Today, upon learning of a friend of our friars who was now in hospice care, we offered a “Mass for a Happy Death” for her.
It sounds a bit macabre, does it not, a “happy” death? What’s so “happy” about it?
Part of it comes from the vagaries and history of the English language, the word “happy” being synonymous with “blessed”. Indeed, when the Founding Fathers of the United States speak of “the pursuit of happiness,” they are not speaking of a hedonistic pursuit of emotional satisfaction, but of a search for excellence and blessedness.
As a matter of fact, we just celebrated the Solemnity of St. Joseph, who is also the Patron Saint of Happy Deaths. This is because, while Scripture is silent on the details of his death, we imagine him surrounded lovingly by Our Lord and the Blessed Virgin on his deathbed. One of our side altars depicts this very scene.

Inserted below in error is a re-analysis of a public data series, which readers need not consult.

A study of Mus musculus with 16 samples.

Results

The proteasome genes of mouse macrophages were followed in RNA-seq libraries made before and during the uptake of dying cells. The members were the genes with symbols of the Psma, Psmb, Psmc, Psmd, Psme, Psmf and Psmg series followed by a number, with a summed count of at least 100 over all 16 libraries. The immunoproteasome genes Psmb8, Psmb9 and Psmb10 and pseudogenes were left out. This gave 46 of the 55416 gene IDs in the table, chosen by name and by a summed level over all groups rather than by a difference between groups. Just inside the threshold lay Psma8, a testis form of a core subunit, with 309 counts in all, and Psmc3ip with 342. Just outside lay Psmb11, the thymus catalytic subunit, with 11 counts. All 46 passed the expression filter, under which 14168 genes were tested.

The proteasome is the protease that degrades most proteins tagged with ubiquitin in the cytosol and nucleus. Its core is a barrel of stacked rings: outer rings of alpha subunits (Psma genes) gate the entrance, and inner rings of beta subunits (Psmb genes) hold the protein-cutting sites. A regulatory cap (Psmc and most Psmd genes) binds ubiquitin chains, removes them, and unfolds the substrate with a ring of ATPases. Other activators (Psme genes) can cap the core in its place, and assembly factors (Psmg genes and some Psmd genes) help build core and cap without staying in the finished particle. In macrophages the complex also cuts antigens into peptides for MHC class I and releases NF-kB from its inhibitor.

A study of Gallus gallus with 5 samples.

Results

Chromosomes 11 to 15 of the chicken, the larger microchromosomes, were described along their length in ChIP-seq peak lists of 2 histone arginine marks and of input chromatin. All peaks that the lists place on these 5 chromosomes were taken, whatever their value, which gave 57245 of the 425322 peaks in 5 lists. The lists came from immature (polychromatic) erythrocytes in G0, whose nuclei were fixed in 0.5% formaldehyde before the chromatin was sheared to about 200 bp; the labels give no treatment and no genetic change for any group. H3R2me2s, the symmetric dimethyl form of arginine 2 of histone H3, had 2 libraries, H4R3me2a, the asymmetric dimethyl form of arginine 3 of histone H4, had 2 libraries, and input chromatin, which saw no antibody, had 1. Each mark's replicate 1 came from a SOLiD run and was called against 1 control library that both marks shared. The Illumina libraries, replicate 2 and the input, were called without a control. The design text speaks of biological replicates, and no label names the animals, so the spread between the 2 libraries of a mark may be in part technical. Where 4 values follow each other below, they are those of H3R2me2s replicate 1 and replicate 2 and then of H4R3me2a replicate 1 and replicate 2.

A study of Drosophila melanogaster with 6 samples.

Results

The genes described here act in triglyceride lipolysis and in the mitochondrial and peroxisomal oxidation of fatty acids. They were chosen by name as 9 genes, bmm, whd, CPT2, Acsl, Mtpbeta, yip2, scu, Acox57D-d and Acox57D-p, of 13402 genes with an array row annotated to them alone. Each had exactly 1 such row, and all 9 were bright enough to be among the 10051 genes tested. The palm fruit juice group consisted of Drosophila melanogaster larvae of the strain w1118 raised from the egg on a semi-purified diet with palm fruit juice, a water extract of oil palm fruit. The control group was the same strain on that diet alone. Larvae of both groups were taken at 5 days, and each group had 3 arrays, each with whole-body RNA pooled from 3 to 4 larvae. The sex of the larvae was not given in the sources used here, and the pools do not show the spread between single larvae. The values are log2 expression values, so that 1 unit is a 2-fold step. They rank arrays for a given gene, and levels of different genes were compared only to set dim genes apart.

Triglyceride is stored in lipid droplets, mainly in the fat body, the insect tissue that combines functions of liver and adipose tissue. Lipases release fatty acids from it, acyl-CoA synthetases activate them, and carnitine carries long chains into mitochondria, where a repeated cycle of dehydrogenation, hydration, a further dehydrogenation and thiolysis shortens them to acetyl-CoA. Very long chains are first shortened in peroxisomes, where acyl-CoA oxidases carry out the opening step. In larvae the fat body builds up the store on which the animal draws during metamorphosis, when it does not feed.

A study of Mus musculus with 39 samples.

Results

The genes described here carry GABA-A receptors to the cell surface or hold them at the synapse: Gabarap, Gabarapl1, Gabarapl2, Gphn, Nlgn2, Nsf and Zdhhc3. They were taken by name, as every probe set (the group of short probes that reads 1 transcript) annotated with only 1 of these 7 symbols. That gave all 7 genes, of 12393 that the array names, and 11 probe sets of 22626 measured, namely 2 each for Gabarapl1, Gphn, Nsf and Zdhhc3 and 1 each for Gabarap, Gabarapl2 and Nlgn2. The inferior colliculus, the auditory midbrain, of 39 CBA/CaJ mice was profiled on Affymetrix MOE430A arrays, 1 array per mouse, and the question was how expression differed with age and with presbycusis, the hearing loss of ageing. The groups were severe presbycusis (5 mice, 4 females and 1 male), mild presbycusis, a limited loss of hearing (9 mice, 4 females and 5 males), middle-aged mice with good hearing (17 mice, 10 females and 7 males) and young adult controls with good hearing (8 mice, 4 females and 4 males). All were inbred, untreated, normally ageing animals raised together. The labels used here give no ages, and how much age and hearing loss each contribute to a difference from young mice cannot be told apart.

What we pray for in a happy death is that, knowing death will come for each and every one of us, without exception, it is also part of our journey back to the loving Creator who made us in His love, to His Son, who in His love redeemed us by His blood, and to the Holy Spirit, who sanctified us in His love. We pray that the one who is dying may likewise make full peace with God and all loved ones before that dread hour comes. We know too many who have died suddenly and unprepared, never able to make peace.
So it is indeed a good and holy thing to pray for a “happy death” for someone who is approaching that hour. It is a great grace and blessing, so why not pray for that as well?